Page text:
This week is a difficult one for me. It is the anniversary of my mother’s passing. I can’t believe it’s been 14 years. There are times when grief reappears, and it feels like she passed away yesterday. It is also my brother’s birthday. The brother closest in age to me is still with us – thankfully. But my other brother is not. We always used to celebrate their birthdays together even though their birth years were three years apart. The anniversary of my brother’s passing is coming up on Halloween. I was thinking about my mother and brother and rather than sit in my thoughts and allow myself to be overwhelmed by grief, I wanted to do something to honor them. Since I know I am not alone in trying to figure out ways to honor your loved ones after they passed, I thought I’d share my thoughts here in the blog and hope they may help someone else as well as myself.
Here are 3 ways to honor your loved ones
Engage in an activity you used to do together
As many of you already know, my mother and I used to garden together. To honor her, I went out and bought violas which I will plant along the front of my townhouse. Mom used to call violas “johnny jump-ups”. Just because I had to know, I looked to find out if that is another name for violas and it is!
I will think about my mom as I engage in this bit of gardening. Digging in the dirt is something she and I loved to do together. Sometimes we would talk, other times we would just quietly work side-by-side. It was easy to have a conversation about nothing or about serious things that were on our minds when our hands were deep in dirt, and we weren’t looking at each other. So, I will talk to my mom, sharing the things that are on my mind while I plant the violas.
In truth, I regularly talk to my mother this way as I often tend my plants and think of her.
Go to church or a place of worship
When I lived in Connecticut and for a year or two after we moved to Atlanta, I was a very regular church goer. I loved the church I attended in Connecticut and tried to find a place of worship just like it here in Atlanta.
Of course, you know every place is its own unique place. Just like every person is unique. I served on the Altar Guild at my church in Connecticut and so joined the Altar Guild at the church in Atlanta. It was run differently, and I was missing the familiar routine and the people at the church I left behind, so I quit.
I gave myself all sorts of reasons for quitting; not enough time to do my chores and attend church (you know that’s not true), it’s a beautiful day and I’d rather be outside (well, was I outside? NOPE), or any excuse I could come up with that sounded reasonable at the time.
This Sunday, I will not allow myself any excuses. I’m going to put my excuses aside and go to church. Honestly, I love the music, the prayers, and the quiet time for reflection. I’ll light a candle for my mother and my brother and say a little prayer for them.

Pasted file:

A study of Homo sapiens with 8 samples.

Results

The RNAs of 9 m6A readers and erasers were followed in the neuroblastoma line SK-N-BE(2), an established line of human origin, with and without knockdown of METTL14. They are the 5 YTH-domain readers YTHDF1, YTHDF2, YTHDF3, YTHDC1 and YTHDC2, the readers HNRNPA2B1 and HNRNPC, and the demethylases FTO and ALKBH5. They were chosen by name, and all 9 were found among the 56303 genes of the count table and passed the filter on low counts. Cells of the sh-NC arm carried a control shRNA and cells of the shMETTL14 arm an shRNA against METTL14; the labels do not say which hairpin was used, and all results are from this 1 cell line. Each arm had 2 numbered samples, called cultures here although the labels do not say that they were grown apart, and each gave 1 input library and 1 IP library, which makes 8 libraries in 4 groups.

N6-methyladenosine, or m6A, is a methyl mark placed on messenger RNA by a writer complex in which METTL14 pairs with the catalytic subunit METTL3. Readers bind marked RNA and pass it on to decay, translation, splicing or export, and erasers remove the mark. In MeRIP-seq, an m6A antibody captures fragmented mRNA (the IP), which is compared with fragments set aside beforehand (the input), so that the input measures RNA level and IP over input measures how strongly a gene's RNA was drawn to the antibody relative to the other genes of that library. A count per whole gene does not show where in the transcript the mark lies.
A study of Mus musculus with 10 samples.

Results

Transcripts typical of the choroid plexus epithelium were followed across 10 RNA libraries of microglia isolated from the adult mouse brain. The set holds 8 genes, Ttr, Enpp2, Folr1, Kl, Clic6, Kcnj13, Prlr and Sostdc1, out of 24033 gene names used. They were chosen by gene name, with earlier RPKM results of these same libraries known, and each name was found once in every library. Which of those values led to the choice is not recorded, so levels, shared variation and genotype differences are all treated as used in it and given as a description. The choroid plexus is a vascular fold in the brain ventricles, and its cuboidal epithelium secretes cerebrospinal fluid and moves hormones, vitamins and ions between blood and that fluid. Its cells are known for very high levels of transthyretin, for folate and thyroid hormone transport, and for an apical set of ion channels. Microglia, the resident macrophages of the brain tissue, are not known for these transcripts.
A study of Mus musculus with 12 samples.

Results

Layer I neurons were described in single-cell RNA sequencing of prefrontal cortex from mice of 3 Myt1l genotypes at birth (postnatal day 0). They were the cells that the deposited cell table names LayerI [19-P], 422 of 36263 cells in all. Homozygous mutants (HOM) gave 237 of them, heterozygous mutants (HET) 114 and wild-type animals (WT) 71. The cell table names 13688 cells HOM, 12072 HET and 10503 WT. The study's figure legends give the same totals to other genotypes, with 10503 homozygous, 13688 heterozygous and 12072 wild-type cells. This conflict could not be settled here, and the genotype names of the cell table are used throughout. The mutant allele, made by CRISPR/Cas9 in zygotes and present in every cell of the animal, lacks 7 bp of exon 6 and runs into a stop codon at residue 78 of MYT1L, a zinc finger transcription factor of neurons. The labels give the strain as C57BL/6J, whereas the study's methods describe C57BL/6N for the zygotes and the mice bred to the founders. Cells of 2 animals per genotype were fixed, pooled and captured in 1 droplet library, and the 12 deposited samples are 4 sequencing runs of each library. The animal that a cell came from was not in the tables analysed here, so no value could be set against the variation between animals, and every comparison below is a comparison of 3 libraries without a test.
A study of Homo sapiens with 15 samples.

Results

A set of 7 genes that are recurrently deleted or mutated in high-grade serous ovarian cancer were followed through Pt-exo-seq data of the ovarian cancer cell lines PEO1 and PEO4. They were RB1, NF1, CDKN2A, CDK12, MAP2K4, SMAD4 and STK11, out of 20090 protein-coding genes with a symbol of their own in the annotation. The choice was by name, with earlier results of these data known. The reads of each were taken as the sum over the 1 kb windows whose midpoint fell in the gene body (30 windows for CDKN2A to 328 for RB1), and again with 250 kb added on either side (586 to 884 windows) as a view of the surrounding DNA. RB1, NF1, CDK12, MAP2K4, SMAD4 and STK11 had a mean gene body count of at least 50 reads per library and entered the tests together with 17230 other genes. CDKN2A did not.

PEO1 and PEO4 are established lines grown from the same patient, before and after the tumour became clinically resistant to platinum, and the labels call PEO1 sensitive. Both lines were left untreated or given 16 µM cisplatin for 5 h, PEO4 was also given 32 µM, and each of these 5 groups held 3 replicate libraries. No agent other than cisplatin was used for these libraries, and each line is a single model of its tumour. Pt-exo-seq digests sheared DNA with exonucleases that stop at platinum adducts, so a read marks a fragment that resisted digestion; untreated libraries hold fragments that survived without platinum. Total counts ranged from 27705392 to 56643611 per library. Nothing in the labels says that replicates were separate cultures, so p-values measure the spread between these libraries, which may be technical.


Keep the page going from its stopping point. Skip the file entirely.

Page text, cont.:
Is going to church, temple, or another place of worship something you did with your loved ones and can do now to honor them?
Write them a letter
Consider writing your loved one a letter. Grab a pen and some paper or a nice card and write what you would say to them, as if you were going to pop the letter or card in the mail. What do you want them to know about the things that currently interest you? Tell them how you have changed in the days, months, or years since they have passed away.
Writing things down has a way of helping to process the way you’re feeling.
For me, just acknowledging that even though I’m doing well I still (and probably always will) feel this sense of loss deeply from time to time.
Letting go of grief was hard for me because I thought that if I let the grief go, I would also let go of my loved ones. When I wrote that thought onto a piece of paper and read it back to myself, I realized that my loved ones would not want me to just wallow in my grief. That helped me to push aside grief and to honor my loved ones by living my life the best way I know how.
Now when I write them, I pretend that this is a letter they will read. I share my updates, news of my children and grandchildren, and feel satisfied because I am remembering them with love.
Go to their grave site
Another way to honor your loved ones is to visit their grave site. My mother’s ashes are buried in the cemetery at the church in Connecticut and my brother’s ashes are buried in the cemetery at a church we used to attend in the summer in Upstate New York. I will visit my mother’s grave site when I spend time visiting my son and his family.
Can you go and spend some time at your loved one’s grave site?
A friend told me a story about a man sitting on a bench at a cemetery she passes twice a day when she takes and picks up her children from school. We wondered who he was visiting. I suggested she stop and ask the man. He would probably like to talk about, tell the story of the person he spends time visiting every day. I hope she stops and asks him.
It doesn’t matter how you chose to honor your loved ones after they pass. The best way will be the way that works best for you.
Diane N. Quintana is a Certified Professional Organizer® ,a Certified Professional Organizer in Chronic Disorganization®, Master Trainer and owner of DNQ Solutions, LLC and co-owner of Release●Repurpose●Reorganize, LLC based in Atlanta, Georgia.